Reverse Mortgages Pose Problems for Seniors


NEW YORK (MainStreet) — A reverse mortgage can be a lifesaver for an older homeowner running short of money, and anyone considering one of these no-payment loans should probably investigate now, as the deals won’t be as good later on if interest rates continue to rise.

But a number of consumer groups warn that too many seniors are taking on these pricy loans. Many, they say, should first consider alternative sources of funds, including loans from family members.

“As the market for reverse mortgages grows, concerns are mounting that an increasing number of seniors are being misled into signing up for a complicated financial product that may squander their equity prematurely or put them at risk for losing their homes,” the groups, led by the Consumers Union, said in releasing a recent report critical of the reverse mortgage industry.

The groups warn that many homeowners are being pressured by lenders into taking these loans before they understand the full costs, which can be high.

How can a “no-payment” loan be pricy? Although the homeowner does not have to make any monthly payments, there are interest charges that are added to the loan balance every month. Interest tacked onto interest will snowball until the loan is paid off, or after the borrower sells or dies. In addition, there are various up-front and annual fees that add to the loan balance, though the government recently introduced a lower-cost alternative for homeowners who need only modest loans.

The consumer groups warn that homeowners who take these loans too early can deplete all of their home equity long before they die. A homeowner with little or no mortgage or home equity debt can get a reverse mortgage as early as 62, but can borrow more by waiting. Other factors like the loan's interest rate also govern how much of the home’s market value can be withdrawn with a reverse mortgage. The lower the rate, the more one can get.

A further concern, say the consumer groups, involves the promise that the homeowner can stay in the home for life, even if the debt eventually exceeds the home’s value. Many borrowers do not realize they can in fact lose their homes through foreclosure, or have their loans called, if they move out for more than 12 months, or fail to pay their taxes, association dues or homeowner’s insurance premiums, or even let the property deteriorate.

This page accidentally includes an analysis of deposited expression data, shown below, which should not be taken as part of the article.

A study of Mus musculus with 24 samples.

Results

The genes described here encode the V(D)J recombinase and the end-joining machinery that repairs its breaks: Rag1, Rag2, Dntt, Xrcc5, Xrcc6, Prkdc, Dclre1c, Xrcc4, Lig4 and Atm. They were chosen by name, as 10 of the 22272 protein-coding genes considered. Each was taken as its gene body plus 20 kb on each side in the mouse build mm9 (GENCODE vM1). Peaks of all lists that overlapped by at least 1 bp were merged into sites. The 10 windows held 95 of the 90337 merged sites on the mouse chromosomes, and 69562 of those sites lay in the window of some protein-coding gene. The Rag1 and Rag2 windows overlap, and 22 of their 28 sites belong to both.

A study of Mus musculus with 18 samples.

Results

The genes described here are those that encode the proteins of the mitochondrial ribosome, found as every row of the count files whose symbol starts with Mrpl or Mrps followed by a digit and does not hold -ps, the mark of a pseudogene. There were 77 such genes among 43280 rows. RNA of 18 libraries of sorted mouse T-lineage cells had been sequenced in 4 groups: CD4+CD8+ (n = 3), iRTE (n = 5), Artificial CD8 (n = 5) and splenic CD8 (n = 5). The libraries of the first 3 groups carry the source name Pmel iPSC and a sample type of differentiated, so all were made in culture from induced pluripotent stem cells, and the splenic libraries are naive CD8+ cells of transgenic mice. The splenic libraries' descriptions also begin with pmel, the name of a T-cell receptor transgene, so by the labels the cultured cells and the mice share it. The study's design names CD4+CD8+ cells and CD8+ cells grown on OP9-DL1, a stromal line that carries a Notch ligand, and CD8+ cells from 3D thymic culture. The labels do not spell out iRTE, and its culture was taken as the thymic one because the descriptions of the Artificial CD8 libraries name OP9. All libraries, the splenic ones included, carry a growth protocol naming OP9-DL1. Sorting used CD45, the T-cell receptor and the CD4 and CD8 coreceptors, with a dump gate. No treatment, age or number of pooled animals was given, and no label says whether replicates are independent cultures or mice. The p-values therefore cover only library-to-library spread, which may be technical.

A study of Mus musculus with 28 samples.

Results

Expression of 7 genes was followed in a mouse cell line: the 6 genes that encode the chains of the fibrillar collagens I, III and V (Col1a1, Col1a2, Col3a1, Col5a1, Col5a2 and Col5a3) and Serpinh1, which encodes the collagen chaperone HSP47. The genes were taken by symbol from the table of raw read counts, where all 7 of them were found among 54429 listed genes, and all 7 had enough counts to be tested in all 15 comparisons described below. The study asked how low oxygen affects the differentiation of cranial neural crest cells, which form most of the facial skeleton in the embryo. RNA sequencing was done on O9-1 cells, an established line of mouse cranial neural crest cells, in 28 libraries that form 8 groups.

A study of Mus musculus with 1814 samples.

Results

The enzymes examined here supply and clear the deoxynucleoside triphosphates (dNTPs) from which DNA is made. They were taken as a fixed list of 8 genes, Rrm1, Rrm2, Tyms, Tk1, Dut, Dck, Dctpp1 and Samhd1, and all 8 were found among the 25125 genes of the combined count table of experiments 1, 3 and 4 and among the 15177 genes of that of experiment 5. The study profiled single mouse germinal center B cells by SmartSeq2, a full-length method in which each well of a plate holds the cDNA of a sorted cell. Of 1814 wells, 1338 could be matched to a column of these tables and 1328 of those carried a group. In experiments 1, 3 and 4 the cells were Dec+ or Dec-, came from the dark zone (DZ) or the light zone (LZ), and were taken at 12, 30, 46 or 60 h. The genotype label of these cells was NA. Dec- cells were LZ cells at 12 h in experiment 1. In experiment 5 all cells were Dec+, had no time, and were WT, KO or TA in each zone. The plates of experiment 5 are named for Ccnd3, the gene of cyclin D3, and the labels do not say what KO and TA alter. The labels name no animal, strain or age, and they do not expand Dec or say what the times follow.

Before resorting to a reverse mortgage, homeowners should make sure they are getting all the benefits they can from Social Security, Medicaid, prescription drug programs, state property tax discounts for seniors and programs run by city and county governments. A state-by-state guide is available on a site backed by AARP.

Another alternative is family financing such as a loan that is structured like a mortgage from the children to the parents that uses the parent’s home as collateral.

The costs of setting up a loan are much lower than with a reverse mortgage, and there would be no rigid rules about occupying the home. It’s even possible to have a lawyer set up an intra-family reverse mortgage, so the parents don’t have to make any payments.

To work best, the loan should charge at least the minimum set by the government’s table of Applicable Federal Rates. Currently, that would require a rate of about 3.5% for a long-term loan.

Such a loan, though cheaper than a regular reverse mortgage, can be complicated and produce friction between family members. Another alternative is that the children can buy the home from the parents and then rent it back to them.

Finally, the homeowner can consider “downsizing,” or selling the home and then buying something cheaper, and living on the difference.